Hungarian far-right stages anti-Roma show of strength

Jobbik Miskolc.jpg

Blaming Roma for everything from petty crime to trash on the streets, thousands of supporters of Hungary's far-right opposition Jobbik party rallied in the eastern city of Miskolc yesterday (17 October).

Roma in Hungary's second largest city simultaneously held a counter-rally rejecting what they said were typical right-wing slurs while police kept the two sides apart, preventing serious clashes.

"Jobbik will help those who build Hungary, no matter their colour," party leader Gabor Vona told about 3,000 supporters. "But we will go after those who destroy and won't let them be!"

The protests underscored increasing tensions in recession-hit Hungary, which had asked for a financing deal with the International Monetary Fund and the European Union and whose conservative government has announced unpopular austerity measures to cut the budget deficit.

"I can't live in this area anymore like this," said Jobbik protestor Tamas Kormendi, 25, who is unemployed.

"Not a day goes by without some incident that turns my stomach. These gypsies live like pigs and I swear they like it. Well, they will not like it for long if it's up to me."

The leaders of the Roma community rejected the accusation that they were to blame for crime and safety problems.

Jobbik, which holds 45 of 386 Parliament seats, has capitalised on widespread public resentment of Hungary's estimated 700,000 Roma, whom it has vilified for years.

The party says budget cuts left no room to pay for public safety in parts of the country, including Miskolc – a former communist industrial centre – 180 km east of Budapest.

The city's ex-communist Avas housing projects, home to about 40,000 people, have seen mass immigration of destitute Roma from the countryside, where living conditions are often rustic.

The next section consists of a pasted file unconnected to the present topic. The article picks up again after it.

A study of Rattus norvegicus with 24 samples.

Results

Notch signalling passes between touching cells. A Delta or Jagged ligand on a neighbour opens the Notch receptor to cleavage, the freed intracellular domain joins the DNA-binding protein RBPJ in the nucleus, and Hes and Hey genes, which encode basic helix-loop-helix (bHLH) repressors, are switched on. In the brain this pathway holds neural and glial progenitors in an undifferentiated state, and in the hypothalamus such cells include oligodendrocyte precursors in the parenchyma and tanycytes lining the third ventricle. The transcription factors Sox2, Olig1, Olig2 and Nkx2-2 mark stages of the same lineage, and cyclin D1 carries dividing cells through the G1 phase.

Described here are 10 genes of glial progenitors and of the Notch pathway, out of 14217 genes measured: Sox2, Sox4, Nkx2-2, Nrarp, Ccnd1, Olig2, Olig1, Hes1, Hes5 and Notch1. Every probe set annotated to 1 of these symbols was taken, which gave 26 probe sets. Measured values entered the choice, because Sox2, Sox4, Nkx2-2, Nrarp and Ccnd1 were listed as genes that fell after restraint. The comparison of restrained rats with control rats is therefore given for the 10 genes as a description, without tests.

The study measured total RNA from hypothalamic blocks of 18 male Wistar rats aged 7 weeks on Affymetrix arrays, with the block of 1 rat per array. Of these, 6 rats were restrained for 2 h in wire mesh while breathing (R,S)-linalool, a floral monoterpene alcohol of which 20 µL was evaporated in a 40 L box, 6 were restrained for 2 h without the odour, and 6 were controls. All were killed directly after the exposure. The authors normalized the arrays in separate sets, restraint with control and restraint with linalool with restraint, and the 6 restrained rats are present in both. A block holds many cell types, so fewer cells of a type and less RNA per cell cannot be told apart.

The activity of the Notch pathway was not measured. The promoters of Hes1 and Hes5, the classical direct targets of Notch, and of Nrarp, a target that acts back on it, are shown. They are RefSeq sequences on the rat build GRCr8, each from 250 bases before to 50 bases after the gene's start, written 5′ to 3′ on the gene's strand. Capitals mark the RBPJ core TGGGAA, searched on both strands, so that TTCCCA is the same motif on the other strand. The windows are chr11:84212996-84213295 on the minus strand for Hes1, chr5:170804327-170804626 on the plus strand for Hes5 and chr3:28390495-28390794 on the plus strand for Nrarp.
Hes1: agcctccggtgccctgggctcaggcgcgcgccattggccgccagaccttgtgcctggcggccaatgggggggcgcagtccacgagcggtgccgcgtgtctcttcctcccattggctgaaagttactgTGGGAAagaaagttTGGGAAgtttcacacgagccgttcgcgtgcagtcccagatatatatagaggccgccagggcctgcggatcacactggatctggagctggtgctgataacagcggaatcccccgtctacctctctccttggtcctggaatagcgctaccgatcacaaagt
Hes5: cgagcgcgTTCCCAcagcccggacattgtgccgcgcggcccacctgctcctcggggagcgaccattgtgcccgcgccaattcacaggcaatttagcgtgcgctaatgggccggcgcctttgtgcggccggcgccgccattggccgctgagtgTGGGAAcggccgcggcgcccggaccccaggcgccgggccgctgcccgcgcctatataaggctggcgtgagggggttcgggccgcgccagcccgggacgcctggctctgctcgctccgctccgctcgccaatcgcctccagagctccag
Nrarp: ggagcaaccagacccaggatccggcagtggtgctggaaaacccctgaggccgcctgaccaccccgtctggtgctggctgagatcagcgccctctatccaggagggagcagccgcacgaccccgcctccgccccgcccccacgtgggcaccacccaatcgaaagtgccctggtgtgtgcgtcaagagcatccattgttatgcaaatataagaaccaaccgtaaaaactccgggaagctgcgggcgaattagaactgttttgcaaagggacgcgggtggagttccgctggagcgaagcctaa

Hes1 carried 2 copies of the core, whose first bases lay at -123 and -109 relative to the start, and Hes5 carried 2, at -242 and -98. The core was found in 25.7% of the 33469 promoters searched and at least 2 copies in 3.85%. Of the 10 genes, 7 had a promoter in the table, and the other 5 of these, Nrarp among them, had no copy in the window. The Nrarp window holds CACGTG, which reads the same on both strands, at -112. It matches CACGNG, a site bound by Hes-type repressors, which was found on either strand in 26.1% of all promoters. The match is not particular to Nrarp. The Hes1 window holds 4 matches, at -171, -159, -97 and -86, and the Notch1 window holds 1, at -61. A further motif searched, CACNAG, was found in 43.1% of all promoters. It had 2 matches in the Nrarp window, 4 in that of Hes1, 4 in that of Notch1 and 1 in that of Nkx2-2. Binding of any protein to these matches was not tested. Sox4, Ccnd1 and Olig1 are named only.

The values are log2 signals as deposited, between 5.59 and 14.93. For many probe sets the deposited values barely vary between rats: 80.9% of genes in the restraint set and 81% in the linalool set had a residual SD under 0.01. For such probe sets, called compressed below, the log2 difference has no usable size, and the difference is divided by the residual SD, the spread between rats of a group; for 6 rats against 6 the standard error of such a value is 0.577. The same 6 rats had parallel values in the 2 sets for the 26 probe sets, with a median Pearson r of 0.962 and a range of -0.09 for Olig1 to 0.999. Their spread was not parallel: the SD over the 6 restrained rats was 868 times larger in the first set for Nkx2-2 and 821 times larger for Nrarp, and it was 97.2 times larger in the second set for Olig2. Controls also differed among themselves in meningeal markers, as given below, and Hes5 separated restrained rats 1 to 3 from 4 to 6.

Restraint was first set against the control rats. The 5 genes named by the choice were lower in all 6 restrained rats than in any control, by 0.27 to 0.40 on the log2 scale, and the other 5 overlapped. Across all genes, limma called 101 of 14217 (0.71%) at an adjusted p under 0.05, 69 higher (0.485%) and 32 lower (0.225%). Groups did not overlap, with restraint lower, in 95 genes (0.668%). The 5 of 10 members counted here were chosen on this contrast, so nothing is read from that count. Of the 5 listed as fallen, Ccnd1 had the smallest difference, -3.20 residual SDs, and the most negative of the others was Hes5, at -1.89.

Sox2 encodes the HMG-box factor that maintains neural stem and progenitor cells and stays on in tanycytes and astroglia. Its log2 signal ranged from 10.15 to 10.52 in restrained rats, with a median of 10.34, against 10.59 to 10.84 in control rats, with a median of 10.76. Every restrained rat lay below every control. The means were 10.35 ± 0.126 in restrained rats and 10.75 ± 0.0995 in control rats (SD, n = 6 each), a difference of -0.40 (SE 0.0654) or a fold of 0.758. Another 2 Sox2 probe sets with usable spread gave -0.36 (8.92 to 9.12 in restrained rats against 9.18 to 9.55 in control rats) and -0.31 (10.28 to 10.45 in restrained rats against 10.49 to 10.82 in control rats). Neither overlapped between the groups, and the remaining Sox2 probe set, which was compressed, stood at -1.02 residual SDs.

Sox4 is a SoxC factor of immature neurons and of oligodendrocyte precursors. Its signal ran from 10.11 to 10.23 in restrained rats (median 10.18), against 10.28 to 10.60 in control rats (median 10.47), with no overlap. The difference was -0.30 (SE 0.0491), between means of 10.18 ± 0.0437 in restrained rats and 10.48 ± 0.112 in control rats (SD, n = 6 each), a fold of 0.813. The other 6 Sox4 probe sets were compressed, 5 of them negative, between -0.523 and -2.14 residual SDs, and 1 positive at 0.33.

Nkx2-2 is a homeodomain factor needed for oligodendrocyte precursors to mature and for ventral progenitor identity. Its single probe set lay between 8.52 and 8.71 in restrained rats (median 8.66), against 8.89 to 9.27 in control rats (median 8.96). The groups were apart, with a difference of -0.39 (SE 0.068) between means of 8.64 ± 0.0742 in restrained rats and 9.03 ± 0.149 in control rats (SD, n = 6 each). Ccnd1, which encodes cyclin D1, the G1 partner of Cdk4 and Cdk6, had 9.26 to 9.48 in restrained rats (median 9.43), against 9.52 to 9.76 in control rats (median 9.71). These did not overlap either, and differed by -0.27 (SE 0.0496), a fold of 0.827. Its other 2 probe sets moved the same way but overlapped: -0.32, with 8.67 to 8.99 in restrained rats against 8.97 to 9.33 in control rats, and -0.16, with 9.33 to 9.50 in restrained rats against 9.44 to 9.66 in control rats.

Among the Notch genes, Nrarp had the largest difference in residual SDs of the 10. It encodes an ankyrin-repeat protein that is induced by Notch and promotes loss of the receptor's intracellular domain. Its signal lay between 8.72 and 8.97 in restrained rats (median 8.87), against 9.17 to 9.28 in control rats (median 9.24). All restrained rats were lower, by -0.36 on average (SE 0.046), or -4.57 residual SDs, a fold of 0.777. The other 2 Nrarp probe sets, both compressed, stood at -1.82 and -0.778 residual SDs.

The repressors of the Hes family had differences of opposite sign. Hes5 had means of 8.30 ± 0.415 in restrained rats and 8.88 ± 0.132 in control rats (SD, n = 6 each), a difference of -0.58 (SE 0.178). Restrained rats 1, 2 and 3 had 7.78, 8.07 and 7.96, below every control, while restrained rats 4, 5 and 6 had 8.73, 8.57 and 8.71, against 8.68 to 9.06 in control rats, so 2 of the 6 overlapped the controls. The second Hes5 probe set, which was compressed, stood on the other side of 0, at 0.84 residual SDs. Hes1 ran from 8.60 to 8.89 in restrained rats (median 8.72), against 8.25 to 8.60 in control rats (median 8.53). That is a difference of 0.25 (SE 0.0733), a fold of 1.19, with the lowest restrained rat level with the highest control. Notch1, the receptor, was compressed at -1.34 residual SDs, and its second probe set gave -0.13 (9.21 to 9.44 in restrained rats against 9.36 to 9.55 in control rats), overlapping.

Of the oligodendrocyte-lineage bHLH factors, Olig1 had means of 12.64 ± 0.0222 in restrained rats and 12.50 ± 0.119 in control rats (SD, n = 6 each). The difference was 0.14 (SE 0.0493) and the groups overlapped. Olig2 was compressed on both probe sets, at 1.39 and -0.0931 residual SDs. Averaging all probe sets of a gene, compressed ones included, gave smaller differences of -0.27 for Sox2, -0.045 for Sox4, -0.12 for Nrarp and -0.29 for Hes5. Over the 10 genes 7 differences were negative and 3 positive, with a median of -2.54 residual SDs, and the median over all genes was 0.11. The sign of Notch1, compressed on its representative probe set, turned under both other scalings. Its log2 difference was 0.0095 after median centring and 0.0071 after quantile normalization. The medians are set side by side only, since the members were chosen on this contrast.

Long-time residents have shunned the new Roma occupants, many of whom have large families crammed into tiny flats.

The protestors marched around the housing project with torches, intermittently bellowing slogans such as "Gypsy crime! Gypsy criminals!"

About 1,000 Roma marched in the afternoon and held a rally in the city centre. There was no friction between the protests which were in separate parts of town, heavily guarded by police.

The Roma are Europe's largest ethnic minority, EU figures show. The European Commission estimates the Roma population in the EU at 11 million, with with their origins tracing back to mediaeval India.

Census statistics show that 535,000 Roma live in Romania, 370,000 in Bulgaria, 205,000 in Hungary, 89,000 in Slovakia and 108,000 in Serbia. Some 200,000 Roma are estimated to live in the Czech Republic and Greece, while 500,000 live in Turkey.

Many Roma from Eastern Europe moved to the West following the EU's enlargement.

Following general election held in April 2010, Hungary's Prime Minister Viktor Orbán said that voters had carried out a "revolution" by giving his party Fidesz two-thirds of the seats in parliament to rebuild Hungary after a near financial collapse. Fidesz is affiliated with the European People's Party.

But in spite of its comfortable majority, Fidesz treats the far-right party Jobbik, which holds 45 of 386 Parliament seats, as an ally.